Cape Cod. The words flow during a month like this, just like the days, counting down til the chill of fall. We spent a few glorious days on Massachusett’s fabled Cape, and it did not disappoint. We did the kind of puttering that defines true vacations, just being able to stop here and there and literally smell the roses in bloom up and down the storied curving peninsula.
We are lucky to have a close relative who has lived on the Cape for decades. So Mary can go down and set up her painting easel, and I can come along during these vacation weekends and enjoy the scene too. We took a road trip heading to the Cape’s tip…Provincetown.
Along the way we stopped at a marvelous beach called Longnook. We entered after passing teenage girls who were checking for stickers. We found out later that to even stop one’s car at this beach in Truro, you must have a sticker claiming you’re a resident or that you’re a vacation home renter. No permits or one-time fees, you just can’t go there unless you’re ‘from around here,’ or have paid someone to use their Truro home.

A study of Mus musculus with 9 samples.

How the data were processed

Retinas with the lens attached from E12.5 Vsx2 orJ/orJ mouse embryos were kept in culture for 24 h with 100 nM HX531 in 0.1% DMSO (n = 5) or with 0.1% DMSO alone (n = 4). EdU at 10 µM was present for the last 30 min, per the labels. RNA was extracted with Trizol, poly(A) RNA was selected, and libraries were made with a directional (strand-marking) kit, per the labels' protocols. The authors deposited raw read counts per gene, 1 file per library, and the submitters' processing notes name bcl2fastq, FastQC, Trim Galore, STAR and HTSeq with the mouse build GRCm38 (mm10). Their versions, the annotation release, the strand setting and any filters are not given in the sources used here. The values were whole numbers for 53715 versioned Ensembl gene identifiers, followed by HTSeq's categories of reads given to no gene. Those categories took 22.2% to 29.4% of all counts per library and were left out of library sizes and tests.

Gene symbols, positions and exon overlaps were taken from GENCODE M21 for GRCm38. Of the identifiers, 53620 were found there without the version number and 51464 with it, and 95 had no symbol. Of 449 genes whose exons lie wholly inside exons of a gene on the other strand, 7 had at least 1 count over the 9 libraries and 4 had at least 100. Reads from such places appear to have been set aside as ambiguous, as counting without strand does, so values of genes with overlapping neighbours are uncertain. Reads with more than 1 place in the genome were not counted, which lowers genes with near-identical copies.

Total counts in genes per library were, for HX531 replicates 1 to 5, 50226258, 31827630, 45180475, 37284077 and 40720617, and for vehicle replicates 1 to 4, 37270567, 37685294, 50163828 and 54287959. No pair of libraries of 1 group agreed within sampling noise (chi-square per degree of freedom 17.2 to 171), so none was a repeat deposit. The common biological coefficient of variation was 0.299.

What do you get in such at exclusive beach? After the parking lot, there is a huge sandy hill that slopes down to the wide open beach. It was low tide and so we had about 100 yards of perfect sand, undisturbed by lifeguard stands, concessions or anything except nature. It’s just gorgeous.
A colossal dune with ochre and tan colors extended far in each direction–a wall blocking anything from disturbing its pristine nature. A sign said that a shark had been sighted here, and we dutifully posed for photos. After some beach walking we drove the rest of the way to the final town in Massachusetts–Provincetown.
It turned out that Senator Scott Brown was in town so every parking lot we tried was full. Even the parking attendants were floored, ‘we don’t know what’s going on but it must be something big,” they told us. We settled on parking at Stop and Shop, and after dutifully making a purchase, we left our car and headed for crowded Commercial Street.
After lunch, we strolled the wharf, and when we passed by the Bay Lady II schooner, we decided to hop on the 3:30 pm cruise out into the bay.
The captain barked out orders to his two crew members, indecipherable instructions about the mainsail and the foresail and the lines and the aft, and it was as nice as it could be when he shut off the motor and we stuck with sail power.
We passed by the tip of the state, Long Point, and out into the vast Bay. What a day to be out there. Summer is fleeting, but these are the things that create memories.